Distributed January 21, 2003
News Service Contact: Mark Nickel
Watson Institute for International Studies
Chinese dissident Xu Wenli to serve as visiting senior fellow at Brown
Xu Wenli, the Chinese pro-democracy activist whose Christmas Eve medical release from prison allowed him to emigrate to the United States, has been appointed a visiting senior fellow at Brown University’s Watson Institute for International Studies.
PROVIDENCE, R.I. — Xu Wenli, the Chinese dissident and civil liberties advocate who recently emigrated to the United States, has been named a visiting senior fellow at Brown University’s Thomas J. Watson Jr. Institute for International Studies. Xu will hold a six-month appointment through June 30, 2003.
“Mr. Xu’s activities as a proponent of democratic values in the People’s Republic of China, along with the imprisonment and deprivation he has endured, have given him an extraordinary perspective on social and political life in China,” said Thomas Biersteker, director of the Watson Institute. “We welcome him to Brown University as a colleague and look forward to a semester of productive collaboration and discussions.”
The Watson Institute has long offered appointments as senior fellows to individuals outside academe whose knowledge, expertise and experience will help advance the research agenda of the Institute. Senior fellows hold appointments for fixed terms ranging from several weeks to a semester or more, collaborating with scholars and research groups in specific areas of international studies.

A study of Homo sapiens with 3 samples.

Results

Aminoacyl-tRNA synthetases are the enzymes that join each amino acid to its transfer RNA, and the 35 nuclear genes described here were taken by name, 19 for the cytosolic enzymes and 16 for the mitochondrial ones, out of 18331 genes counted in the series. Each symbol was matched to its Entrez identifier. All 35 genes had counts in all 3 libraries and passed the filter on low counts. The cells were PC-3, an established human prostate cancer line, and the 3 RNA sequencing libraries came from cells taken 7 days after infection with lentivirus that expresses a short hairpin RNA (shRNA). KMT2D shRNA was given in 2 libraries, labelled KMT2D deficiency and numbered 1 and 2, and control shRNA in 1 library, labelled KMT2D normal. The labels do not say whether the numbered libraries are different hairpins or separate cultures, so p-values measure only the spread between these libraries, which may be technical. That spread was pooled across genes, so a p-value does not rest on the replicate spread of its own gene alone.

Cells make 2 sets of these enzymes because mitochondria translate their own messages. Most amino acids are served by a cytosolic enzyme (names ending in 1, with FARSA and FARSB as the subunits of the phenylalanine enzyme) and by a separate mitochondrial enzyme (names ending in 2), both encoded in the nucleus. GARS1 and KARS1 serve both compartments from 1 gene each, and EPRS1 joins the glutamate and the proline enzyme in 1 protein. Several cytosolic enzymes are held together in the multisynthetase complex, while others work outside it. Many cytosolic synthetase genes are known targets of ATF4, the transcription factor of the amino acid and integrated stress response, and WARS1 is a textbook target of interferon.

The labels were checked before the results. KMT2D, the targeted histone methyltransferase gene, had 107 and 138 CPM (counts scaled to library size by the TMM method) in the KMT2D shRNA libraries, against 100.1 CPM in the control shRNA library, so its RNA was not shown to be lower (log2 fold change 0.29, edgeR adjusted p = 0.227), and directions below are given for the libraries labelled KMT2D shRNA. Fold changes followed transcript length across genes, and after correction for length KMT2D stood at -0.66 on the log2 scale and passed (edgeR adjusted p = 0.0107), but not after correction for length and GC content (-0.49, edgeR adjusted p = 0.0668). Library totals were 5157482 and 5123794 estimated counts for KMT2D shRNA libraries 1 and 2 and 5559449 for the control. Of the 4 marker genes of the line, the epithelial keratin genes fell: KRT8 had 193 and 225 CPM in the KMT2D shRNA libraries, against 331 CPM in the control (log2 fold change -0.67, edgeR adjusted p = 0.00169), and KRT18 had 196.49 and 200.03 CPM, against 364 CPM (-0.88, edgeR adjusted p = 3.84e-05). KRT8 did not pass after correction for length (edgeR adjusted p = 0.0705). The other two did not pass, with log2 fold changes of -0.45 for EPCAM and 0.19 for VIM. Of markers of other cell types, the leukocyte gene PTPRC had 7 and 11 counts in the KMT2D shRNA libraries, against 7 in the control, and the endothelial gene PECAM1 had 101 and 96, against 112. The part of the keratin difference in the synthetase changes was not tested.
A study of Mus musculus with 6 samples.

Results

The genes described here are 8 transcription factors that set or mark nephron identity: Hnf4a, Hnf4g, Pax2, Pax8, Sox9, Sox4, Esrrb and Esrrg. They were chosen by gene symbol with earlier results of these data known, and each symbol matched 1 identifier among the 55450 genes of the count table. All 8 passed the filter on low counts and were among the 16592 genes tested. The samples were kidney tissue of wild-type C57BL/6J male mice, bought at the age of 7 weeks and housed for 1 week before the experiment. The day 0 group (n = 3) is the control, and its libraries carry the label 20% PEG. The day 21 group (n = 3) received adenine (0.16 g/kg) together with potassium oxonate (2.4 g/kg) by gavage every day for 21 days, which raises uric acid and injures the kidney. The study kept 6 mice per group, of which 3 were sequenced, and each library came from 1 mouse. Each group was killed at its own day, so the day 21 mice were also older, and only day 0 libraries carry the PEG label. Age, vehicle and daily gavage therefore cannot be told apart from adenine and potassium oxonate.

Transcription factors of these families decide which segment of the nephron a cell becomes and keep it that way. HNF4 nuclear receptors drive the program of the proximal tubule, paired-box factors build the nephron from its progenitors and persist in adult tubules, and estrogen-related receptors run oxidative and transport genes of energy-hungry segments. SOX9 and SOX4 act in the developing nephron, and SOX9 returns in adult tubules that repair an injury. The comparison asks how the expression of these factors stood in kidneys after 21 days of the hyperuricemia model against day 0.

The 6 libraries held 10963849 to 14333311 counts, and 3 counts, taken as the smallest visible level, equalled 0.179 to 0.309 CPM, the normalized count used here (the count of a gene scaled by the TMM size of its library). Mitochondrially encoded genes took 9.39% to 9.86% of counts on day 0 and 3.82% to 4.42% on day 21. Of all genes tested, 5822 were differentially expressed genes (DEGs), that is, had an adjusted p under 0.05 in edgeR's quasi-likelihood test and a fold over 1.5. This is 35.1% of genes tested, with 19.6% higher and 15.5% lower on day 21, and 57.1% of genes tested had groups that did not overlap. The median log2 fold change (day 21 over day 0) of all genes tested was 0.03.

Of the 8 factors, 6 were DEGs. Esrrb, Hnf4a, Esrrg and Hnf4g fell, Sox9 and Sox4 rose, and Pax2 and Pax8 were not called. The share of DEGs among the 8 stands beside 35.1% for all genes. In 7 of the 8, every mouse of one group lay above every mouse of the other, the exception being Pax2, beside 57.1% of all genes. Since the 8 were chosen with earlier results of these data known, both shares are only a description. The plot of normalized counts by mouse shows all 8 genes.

At the Watson Institute, Xu will join three other visiting Chinese scholars currently in residence. Although not fluent in English, Xu will be able to work with several bilingual Chinese and Chinese-American students who will assist him with translation. In addition to his activities at Brown, Xu plans to begin learning English. “We hope Mr. Xu’s appointment at the Institute will be useful to him as he and his wife begin their new life in the United States,” Biersteker said.
Xu’s release on medical grounds by Chinese authorities came suddenly on Christmas Eve 2002. Prison officials took him by van to the Beijing airport and delivered him to a runway where a United Airlines plane was awaiting takeoff. He was reunited with his wife, He Xintong, who was already aboard, and the couple flew directly to O’Hare Airport in Chicago, where they were greeted by their daughter, Xu Jin. Xu and his wife have settled initially in Pawtucket, R.I., with their daughter, who is an art instructor at a private school in Providence.
Western diplomats and human rights groups have long recognized Xu as one of China’s most prominent advocates for democracy. He was arrested for the first time in 1979 during the Democracy Wall movement as an outspoken proponent of political freedoms. Charged with “illegally organizing a clique to overthrow the government,” he began serving a 15-year prison sentence in 1981. He was paroled in May 1993 after serving 12 years and 48 days, much of it in solitary confinement. His health suffered significantly.
Xu, now 59, was arrested again in 1998 after he tried to set up an opposition political party, the China Democracy Party, and, among other efforts, called for independent labor unions. He was convicted on charges of endangering state security and sentenced to 13 years. His health, which had begun to return after his 1993 parole, deteriorated rapidly, particularly from the effects of malnutrition and infection with hepatitis B. International human rights groups, the American ambassador and visiting Western officials pressed urgently for his release.
“I was educated in my family to believe that I have responsibility for society,” Xu has said. “Someone has to give up their freedom to fight for the whole country’s freedom, and I believe I was the one.”
Xu’s arrival at Brown comes 13 years after the University provided sanctuary for three dissident Chinese writers in the aftermath of Tiananmen Square. In December 1989, Brown President Vartan Gregorian welcomed Ma Bo, Bei Ling and Xue Di to appointments as writing fellows in the Graduate Writing Program for the spring semester.